Originally, chiropodist was the preferred term used to describe foot care. Since the 1950s the term podiatry has gained currency in most parts of the world.
Podiatric medicine as we know it today as a medical specialty involving assessment, diagnosis and treatment of lower limbs, has descended from chiropody. In layman parlance chiropody is the old name for podiatry. In the UK podiatrist can be used as a title only by those registered with the Health Professions Council. Chiropody is really thought of as involving routine foot care, whereas podiatry involves more skill and higher education.
In the US, a podiatrist denotes a Doctor of Podiatric Medicine, who is qualified by his education and training to diagnose and treat malaises related to the foot, ankle and related structures of the leg. The first association of chiropodists in North America was established in 1895, while the first school of chiropody in North America began in New York in 1912. Since the early 1960s US trained chiropodists based in Ontario took the lead from their US counterparts and began to refer to themselves as podiatrist thus lending the term international support and fame. Thus we see that what began as chiropody in England metamorphosed into podiatry in the US and as has been mostly the case the American version soon gained international acceptance. Ironically in England the term podiatry came to apply to a more sophisticated version of chiropody.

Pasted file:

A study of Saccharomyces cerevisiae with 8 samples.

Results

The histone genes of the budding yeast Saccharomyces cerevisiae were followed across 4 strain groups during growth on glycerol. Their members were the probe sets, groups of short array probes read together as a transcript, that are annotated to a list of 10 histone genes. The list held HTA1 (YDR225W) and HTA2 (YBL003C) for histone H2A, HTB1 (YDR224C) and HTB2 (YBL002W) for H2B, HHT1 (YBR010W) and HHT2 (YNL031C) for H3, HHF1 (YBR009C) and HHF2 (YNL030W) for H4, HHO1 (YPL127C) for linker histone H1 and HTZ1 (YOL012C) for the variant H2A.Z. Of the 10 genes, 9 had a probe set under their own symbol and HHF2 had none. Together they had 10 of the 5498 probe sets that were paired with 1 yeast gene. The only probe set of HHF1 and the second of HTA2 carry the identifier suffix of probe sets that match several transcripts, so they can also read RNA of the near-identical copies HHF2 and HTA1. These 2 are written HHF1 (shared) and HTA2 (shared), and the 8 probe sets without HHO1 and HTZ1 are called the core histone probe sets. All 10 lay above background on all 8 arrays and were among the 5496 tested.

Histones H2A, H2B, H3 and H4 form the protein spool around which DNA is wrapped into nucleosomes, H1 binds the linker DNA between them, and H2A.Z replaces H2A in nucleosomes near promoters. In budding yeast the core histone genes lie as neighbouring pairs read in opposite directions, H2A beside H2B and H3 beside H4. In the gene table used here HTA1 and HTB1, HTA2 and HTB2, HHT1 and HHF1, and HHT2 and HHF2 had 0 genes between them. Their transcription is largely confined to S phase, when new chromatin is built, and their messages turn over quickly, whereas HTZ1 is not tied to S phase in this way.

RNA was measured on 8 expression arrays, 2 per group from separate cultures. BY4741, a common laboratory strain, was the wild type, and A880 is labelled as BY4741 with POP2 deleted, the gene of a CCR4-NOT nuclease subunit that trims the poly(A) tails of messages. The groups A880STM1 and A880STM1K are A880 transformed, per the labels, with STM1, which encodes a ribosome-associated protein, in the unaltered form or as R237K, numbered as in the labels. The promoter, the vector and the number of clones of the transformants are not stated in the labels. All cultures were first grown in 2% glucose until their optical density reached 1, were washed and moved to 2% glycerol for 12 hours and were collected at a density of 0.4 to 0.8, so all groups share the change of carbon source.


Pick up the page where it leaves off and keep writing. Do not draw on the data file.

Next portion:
Having noted the difference between the two terms, no matter how minor or subtle it is pertinent to point out that the two terms are used interchangeably, particularly in England. The fact of the matter is that whether it be called chiropody or podiatry, this specialty branch of medical science has an important role to play in peoples’ lives.